Global sales compensation practices

By: David Cichelli Sales Compensation, Sales Strategy

Global corporate entities deploy numerous and diverse sales resources to serve local markets. Whether the business model features country, world region or line-of-business configuration, sales teams are usually a “local” solution with local management and local sales practices – including local sales compensation programs. When corporate sales compensation designers seek to create uniform sales compensation plans, some local sales leaders will question this approach.

“Worldwide” sales compensation solutions seems implausible to most local sales leaders. They struggle to understand how uniform sales compensation could apply to their unique situation. A natural reaction from local sales leaders is to ask, “Why?”

  • Why does the company need a uniform sales compensation design?
  • Why should local sales leaders consider design solutions not “tuned” to their local market?
  • Why should a sales team accept the sales management philosophy from a “foreign” location?

Frankly, pro-global/uniform sales compensation advocates struggle to adequately answer these questions. The following advertised reasons seem weak at-best:

  • Simplicity: The “simplicity” argument suggests that numerous local sales compensation plans are too confusing. Actually, the test of “simplicity” should not be from the perspective of a corporate over-seer, but instead from the participant’s perspective. If the salesperson understands his or her sales compensation plan, then the test of simplicity is met.
  • Too Many Plans: Again, this is another false objective. The number of plans should equal the number of sales jobs. Local sales leaders correctly craft sales compensation plans to serve local conditions. Experience teaches companies that artificially trying to reduce the number of designs often produces unsatisfactory pay plans for most jobs.
  • Audit and Administration: A final argument suggests numerous incentive plans produce an audit and administration conundrum. In some cases, this is true. However, because pay programs sit within local sales entities, normal accounting and financial oversight provide satisfactory frameworks for plan management.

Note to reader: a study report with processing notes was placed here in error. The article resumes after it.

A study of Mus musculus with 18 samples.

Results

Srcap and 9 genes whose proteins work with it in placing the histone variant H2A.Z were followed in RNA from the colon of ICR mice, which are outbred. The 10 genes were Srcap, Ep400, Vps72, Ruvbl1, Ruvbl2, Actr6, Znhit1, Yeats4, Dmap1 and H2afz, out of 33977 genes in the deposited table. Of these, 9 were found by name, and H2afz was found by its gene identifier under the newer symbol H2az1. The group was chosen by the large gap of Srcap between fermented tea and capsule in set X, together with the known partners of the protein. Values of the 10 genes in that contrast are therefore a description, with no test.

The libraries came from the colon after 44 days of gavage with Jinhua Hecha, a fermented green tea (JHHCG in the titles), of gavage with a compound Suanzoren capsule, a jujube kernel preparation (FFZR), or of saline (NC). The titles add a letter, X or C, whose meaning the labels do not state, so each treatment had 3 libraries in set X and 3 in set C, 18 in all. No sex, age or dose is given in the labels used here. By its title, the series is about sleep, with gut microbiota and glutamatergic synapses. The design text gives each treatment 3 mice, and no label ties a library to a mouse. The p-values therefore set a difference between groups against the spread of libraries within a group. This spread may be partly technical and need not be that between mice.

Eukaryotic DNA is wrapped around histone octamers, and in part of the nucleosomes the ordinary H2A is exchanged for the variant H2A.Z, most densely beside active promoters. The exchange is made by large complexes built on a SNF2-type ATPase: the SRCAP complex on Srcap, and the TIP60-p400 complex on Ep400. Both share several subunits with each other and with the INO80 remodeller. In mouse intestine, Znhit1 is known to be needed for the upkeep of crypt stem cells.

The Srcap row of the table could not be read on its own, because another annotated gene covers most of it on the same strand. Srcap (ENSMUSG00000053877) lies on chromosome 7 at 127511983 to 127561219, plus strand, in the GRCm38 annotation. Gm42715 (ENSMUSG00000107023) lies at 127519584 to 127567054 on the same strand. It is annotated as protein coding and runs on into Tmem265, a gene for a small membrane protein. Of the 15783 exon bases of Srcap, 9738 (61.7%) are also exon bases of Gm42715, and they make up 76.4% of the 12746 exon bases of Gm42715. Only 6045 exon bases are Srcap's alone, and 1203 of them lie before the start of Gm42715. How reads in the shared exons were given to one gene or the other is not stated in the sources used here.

The ambitions of central corporate sales compensation planners often find a natural conflict with local sales leaders who seldom see the need for help or direction when designing sales reward programs for their local sales teams.

Visit AGI’s Sales Compensation practice to learn more.


David Cichelli contributes his revenue growth knowledge and experience to a wide array of sales organizations. His clients include leading companies in technology, telecommunications, wholesale/distribution, financial services and healthcare. David helps clients redefine and deploy go-to-customer solutions to ensure optimal revenue performance. By applying the Alexander Group’s Revenue Growth Model™, he helps companies achieve their revenue objectives through the coordination of marketing, sales and service resources. These efforts include revenue planning, customer engagement design, sales force configuration, and program design and management. He is the Alexander Group’s sales compensation practice leader.


Widely recognized by national professional associations and trade publications for his work in linking sales compensation to management’s objectives, David is a frequent speaker on sales compensation topics. He is author of Compensating the Sales Force (3rd edition) and The Sales Growth Imperative, published by McGraw Hill. He serves a leadership role in the design of the firm’s revenue growth conceptual models. David is an officer of the company. He is also the author of the 2018 Sales Compensation Almanac, published by AGI Press.


Prior to joining the Alexander Group in 1985, David served for five years as a national practice manager in sales compensation for a leading compensation consulting firm. Previously, he had spent seven years providing support to the field sales organization of a multinational Fortune 200 chemical company. David has a B.A. from Pennsylvania State University and an M.S. from Michigan State University.